One Year Later, the Gulf Oil Spill Is Still Fueling Obama's Imaginary Energy Policy

Posted: Apr 20, 2011 12:22 PM

Exactly one year ago today, a massive explosion rocked the Deepwater Horizon oil rig in the Gulf of Mexico, killing 11 workers and initiating a crude oil spill that lasted 87 days. The devastating spill wreaked havoc upon both the ecosystem and the economy of the Gulf region, but the real long-run damage stems from the Obama administration’s energy agenda rather than from the spill itself.

Last May, President Obama seized upon the crisis as an opportune moment to implement a six month moratorium on all deep-water drilling. The administration did lift the ban early (a few weeks before the November mid-term elections), but it was a political tactic and not a serious attempt to increase domestic oil production. A virtual ‘permatorium’ remains in place, as Interior Secretary Ken Salazar continually rejects most new deep-water drilling permits off of American shores. Issuing new permits would increase federal revenue, create thousands of jobs, and lower gas prices, all of which would help to boost the economy – but hey, let’s all just go buy hybrid vans instead!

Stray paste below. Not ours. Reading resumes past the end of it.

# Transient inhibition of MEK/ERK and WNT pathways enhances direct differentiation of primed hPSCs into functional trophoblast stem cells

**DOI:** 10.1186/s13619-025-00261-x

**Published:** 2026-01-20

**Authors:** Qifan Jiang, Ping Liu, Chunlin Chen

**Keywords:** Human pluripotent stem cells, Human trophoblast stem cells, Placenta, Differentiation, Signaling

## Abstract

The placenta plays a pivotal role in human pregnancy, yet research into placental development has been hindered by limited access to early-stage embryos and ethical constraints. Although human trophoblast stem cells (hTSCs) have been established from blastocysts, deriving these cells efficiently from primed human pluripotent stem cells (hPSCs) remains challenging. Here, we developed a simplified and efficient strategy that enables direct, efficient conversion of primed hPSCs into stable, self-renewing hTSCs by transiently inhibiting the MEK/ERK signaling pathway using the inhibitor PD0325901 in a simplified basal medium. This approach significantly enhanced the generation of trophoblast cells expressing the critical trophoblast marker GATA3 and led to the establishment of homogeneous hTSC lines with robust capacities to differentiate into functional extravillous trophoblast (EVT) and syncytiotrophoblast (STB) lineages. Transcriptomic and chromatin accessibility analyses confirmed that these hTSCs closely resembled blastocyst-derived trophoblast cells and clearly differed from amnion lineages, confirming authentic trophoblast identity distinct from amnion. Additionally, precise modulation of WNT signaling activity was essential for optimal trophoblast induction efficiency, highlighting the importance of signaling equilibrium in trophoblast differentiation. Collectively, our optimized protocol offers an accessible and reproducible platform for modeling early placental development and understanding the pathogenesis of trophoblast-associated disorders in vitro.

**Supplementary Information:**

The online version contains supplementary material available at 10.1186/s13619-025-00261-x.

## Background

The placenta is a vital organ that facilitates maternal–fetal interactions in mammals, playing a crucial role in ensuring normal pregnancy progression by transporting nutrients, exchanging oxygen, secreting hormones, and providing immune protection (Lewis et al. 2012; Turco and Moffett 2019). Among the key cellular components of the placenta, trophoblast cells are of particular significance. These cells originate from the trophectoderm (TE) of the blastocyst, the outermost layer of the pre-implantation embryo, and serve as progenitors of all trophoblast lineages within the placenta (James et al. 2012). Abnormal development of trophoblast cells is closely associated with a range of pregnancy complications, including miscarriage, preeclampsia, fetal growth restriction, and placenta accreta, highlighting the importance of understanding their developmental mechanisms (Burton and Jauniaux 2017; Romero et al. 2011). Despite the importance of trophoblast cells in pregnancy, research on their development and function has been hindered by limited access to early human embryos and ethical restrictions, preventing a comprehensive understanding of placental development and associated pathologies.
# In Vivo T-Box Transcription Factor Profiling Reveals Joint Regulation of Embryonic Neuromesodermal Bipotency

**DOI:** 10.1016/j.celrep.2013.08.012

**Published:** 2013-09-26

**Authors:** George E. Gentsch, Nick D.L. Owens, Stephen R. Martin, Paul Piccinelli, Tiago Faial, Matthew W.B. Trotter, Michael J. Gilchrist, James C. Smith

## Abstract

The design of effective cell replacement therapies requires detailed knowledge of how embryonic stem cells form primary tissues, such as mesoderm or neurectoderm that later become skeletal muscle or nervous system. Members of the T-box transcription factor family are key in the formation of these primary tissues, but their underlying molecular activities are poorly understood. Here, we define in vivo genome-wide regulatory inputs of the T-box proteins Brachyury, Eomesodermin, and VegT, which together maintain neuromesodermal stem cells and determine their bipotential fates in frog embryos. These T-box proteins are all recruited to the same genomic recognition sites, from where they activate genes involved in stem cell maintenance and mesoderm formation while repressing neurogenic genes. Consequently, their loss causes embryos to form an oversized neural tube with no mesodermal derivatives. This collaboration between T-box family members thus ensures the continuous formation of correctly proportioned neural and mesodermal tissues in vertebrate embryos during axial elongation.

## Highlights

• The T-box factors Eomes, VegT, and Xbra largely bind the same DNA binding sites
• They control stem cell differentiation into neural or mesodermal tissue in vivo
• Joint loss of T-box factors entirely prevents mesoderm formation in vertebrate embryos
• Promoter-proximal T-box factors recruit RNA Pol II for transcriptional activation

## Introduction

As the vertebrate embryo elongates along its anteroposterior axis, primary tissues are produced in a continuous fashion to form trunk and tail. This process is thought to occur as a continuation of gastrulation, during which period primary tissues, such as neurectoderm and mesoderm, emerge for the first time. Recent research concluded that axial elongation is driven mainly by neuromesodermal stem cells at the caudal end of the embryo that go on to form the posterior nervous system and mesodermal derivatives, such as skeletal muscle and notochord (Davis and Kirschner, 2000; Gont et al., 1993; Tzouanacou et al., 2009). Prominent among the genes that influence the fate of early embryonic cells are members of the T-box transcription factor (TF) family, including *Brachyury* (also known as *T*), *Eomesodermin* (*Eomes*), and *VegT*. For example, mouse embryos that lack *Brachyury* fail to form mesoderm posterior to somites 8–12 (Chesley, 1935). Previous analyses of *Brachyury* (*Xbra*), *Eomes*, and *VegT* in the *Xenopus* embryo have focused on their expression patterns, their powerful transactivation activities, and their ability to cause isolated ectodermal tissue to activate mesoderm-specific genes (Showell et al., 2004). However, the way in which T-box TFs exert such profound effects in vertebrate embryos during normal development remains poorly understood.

While we hold off on drilling so we can build more windmills, Obama’s green goals are choking off jobs in the Gulf region. The Wall Street Journal reported this morning: “Offshore oil production, most of which comes from the Gulf, is expected to average 1.55 million barrels a day this year, down 13% from 2010,according to the U.S. Energy Information Administration.”

Louisiana Governor Bobby Jindal appeared on NBC’s The Today Show this morning, apprising his state’s resilient progress and encouraging tourism. He also took the opportunity to lambaste President Obama’s crippling policies:

“I think he’s the most liberal president we’ve had in modern times. At exactly the worst moment, we’ve seen expanded spending, higher taxes, more borrowing, more government involvement in healthcare.”